These are just a couple of the comments shared by high school students from two classes in Indianapolis after a virtual visit with Student Nonviolent Coordinating Committee (SNCC) veteran and filmmaker Judy Richardson. Held on May 19, 2014, there were about 55 students in each class.
The exchange was made possible through a collaboration between the SNCC Legacy Project and the Zinn Education Project. During this decade of historic anniversaries of countless modern Civil Rights Movement milestones, the SNCC Legacy Project is partnering with the Zinn Education Project to bring the scholarship and experience of historians and veterans to classroom teachers. This spring, three “visits” were held. In addition to Indianapolis, veterans spoke with students in Birmingham, Ala. and New York, NY.
Indianapolis high school U. S. history teacher Susan Tomlinson coordinated the school side of the Skype visit and wrote about the exchange:
Our connection with Judy Richardson was wonderful. It was such a great experience for the students to hear from someone who not only was there but who was close to their age at that time.
In March, we spent close to two weeks studying the Civil Rights Movement and in particular SNCC. In preparation for the conversation with Judy Richardson in May, we reviewed and added more in-depth information about Freedom Summer. We watched the Freedom Summer portion of Eyes on the Prize and read from several issues of The Student Voice from the summer of ’64.
The things that Ms. Richardson talked about dovetailed beautifully with what my fellow U.S. history teacher Todd Kendrick and I had presented and discussed in our classes. However, regardless of the things we present, having an eyewitness “live” and in person, made those historic events become much more real.
Speaking of “real,” they loved how “real” Ms. Richardson was with them. Students see figures in history or in current events, famous or not, as something “special,” in a way that does not necessarily relate to them and their own abilities. Ms. Richardson helped them realize that movements are made of people who care and dare to act. She is, in fact, very special, and her experiences and commitment make that so. However, her conversation with the students made it clear that it does not take “special” skills and abilities to propel one to action. It takes choices, action, and finding it within yourself to take that first step, again and again. That is what she made clear. They were quite inspired, and, I dare say, some felt empowered.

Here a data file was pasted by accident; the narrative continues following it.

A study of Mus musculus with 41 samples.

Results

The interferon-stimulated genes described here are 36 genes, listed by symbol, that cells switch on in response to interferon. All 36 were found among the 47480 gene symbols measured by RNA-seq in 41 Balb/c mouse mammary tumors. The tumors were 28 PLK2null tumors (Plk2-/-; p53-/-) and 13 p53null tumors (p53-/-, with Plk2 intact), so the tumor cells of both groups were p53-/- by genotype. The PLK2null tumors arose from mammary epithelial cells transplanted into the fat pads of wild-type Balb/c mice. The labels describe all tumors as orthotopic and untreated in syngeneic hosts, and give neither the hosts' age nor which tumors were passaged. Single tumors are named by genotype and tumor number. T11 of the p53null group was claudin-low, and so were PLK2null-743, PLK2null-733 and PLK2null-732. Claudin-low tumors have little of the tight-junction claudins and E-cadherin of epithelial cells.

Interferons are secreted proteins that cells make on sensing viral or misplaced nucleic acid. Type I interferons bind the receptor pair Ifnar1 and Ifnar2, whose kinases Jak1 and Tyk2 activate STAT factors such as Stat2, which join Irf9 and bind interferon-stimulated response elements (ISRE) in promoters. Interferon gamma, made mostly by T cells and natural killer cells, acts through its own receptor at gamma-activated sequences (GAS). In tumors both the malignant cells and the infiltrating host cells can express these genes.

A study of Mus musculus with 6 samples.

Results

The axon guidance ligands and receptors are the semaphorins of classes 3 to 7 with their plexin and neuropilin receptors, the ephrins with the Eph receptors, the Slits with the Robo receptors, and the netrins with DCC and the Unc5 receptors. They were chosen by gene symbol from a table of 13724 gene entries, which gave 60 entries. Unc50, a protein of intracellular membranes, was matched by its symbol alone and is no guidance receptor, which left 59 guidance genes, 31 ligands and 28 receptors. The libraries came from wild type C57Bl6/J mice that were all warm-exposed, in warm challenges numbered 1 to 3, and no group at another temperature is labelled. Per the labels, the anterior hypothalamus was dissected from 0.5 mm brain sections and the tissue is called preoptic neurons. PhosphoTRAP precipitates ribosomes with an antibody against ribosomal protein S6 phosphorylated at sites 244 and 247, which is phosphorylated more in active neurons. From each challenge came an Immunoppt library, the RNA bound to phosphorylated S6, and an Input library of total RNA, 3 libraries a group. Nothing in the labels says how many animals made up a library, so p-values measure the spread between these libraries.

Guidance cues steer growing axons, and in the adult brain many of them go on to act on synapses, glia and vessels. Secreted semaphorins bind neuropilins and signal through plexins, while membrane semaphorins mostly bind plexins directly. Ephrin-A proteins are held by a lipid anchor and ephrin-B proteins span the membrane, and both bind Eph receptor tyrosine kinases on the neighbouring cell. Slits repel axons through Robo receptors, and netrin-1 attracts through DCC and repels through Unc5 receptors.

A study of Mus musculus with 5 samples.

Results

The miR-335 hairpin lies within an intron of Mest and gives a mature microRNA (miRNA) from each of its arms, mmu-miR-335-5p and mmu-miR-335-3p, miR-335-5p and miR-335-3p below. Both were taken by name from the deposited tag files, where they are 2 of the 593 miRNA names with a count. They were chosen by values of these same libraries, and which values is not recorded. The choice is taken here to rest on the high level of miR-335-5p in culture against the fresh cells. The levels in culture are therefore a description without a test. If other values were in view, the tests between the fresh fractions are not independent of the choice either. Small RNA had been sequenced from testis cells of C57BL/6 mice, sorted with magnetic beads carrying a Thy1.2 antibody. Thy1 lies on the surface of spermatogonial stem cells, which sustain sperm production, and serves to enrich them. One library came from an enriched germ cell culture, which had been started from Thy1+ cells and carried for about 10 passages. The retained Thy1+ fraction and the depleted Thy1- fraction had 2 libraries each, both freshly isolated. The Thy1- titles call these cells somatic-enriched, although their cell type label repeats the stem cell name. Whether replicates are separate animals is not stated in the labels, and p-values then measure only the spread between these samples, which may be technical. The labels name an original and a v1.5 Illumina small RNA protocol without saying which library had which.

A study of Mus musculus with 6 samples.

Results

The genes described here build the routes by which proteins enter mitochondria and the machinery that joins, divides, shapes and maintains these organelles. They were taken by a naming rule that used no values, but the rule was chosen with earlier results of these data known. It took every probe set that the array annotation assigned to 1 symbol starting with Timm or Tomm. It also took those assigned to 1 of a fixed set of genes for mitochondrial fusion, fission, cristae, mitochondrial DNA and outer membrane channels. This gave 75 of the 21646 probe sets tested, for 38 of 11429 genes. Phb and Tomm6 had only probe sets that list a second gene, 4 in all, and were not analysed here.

The students gave all around great reviews. Their only wish was for more time to talk and ask questions. They also said we should have more of these types of experiences in the U.S. history classroom.
I really enjoyed having you Skype my class. I loved that we learned things we couldn’t have from the book. It was nice hearing your experience. —Cailyn A.
Thank you for taking the time to talk to us. I found what you said very motivating! —Britni B.
It was very interesting talking to you. It was a privilege to talk to someone from the Civil Rights Movement. It was a great experience I will never forget. —Jared P-C
It was great to meet somebody who was part of the Civil Rights in such an active way and it was cool that you shared the courage it took to go over there and it was nice to meet you. —Gurinder B.
…I learned so much more about SNCC and Civil Rights Movements from you than from the textbook. —Elizabeth M.
…Everything you had been through really made me think about the actual struggle you had gone through. It is so different reading about the civil rights act than actually listening to someone who lived through it all. Thanks again! —Katelyn W.
I love your enthusiasm that you put in your beliefs. It was great hearing you speak. —Johnathan Y.
…It was a lot more enlightening to hear it from an eye witness, rather than reading it from a book. Everything you said was very interesting. It’s amazing the bravery and courage you showed to make a better world. I thank you for everything you have done. —Devin H.